Are there any circumstances that would make it permissible for a Catholic to receive communion at a Lutheran wedding? Would it be better to receive, knowing that this not the body and blood of Christ, if everyone else attending was participating?

No. There are limited circumstances in which it is permissible for Catholics to receive Communion from a non-Catholic minister. These conditions are set forth in canon 844:2 of the Code of Canon Law:

Whenever necessity requires or genuine spiritual advantage suggests, and provided that the danger of error or indifferentism is avoided, it is lawful for the faithful for whom it is physically or morally impossible to approach a Catholic minister, to receive the sacraments of penance, Eucharist, and anointing of the sick from non-Catholic ministers in whose churches these sacraments are valid. (CIC 844:2)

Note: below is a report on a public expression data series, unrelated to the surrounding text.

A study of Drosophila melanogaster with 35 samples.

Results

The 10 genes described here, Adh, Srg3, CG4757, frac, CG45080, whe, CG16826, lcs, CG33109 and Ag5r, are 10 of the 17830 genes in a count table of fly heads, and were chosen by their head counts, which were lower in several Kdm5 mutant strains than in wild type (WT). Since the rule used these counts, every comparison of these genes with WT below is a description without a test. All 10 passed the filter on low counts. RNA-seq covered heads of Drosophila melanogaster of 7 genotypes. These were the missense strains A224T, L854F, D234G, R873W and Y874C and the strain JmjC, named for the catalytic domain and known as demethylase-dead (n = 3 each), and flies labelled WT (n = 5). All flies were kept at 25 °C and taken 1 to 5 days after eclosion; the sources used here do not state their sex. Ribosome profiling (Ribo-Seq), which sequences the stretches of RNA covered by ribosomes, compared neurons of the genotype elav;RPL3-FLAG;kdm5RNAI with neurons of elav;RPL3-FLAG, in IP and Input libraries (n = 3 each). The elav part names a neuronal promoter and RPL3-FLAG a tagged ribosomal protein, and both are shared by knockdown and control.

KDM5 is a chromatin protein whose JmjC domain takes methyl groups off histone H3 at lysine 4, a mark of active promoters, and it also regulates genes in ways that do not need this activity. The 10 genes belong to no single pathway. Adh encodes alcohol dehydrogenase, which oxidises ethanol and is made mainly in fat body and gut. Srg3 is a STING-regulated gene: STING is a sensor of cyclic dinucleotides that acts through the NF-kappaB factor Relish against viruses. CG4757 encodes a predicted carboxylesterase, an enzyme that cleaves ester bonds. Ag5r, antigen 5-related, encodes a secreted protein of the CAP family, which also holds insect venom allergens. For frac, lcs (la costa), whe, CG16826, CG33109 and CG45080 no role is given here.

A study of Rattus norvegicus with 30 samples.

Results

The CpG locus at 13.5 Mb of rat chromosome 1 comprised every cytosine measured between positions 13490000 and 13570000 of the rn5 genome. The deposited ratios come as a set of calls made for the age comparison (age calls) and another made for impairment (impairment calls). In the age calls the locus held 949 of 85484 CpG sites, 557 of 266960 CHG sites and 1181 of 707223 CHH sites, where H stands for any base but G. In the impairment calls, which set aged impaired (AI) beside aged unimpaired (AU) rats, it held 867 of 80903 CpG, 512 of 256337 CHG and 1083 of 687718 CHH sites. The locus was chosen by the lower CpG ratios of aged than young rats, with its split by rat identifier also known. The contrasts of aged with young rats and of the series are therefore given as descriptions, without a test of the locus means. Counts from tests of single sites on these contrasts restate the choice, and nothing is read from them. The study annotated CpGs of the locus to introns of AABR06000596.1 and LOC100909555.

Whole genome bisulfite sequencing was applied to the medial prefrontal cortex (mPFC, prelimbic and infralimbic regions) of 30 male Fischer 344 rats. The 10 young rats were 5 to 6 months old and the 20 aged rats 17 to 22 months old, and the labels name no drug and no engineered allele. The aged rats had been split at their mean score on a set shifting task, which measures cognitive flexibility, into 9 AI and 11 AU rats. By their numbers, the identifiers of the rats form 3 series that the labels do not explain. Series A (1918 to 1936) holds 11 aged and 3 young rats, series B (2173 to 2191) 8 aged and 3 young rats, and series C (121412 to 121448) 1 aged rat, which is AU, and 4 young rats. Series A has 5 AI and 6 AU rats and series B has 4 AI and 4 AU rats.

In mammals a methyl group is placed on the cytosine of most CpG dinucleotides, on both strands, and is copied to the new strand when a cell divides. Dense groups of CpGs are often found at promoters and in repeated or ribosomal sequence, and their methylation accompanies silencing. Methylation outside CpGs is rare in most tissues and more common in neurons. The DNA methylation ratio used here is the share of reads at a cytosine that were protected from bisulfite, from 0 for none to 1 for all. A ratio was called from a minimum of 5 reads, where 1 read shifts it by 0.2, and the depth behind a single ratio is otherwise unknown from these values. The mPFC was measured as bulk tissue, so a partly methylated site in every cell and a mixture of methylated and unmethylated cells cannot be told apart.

Since the canon stipulates that such sacraments must be from a minister of a church whose sacraments are valid, that leaves out a Lutheran service. Lutherans do not have a validly ordained ministerial priesthood and so do not have a valid Eucharist.

The fact that it is a family occasion such as a wedding and that other people are participating in the Lutheran communion does not change one’s obligation under these canons.
The need to be faithful in this matter is particularly underscored in another part of the Code: “The Christian faithful are bound by an obligation, even in their own patterns of activity, always to maintain communion with the Church” (CIC 209:1).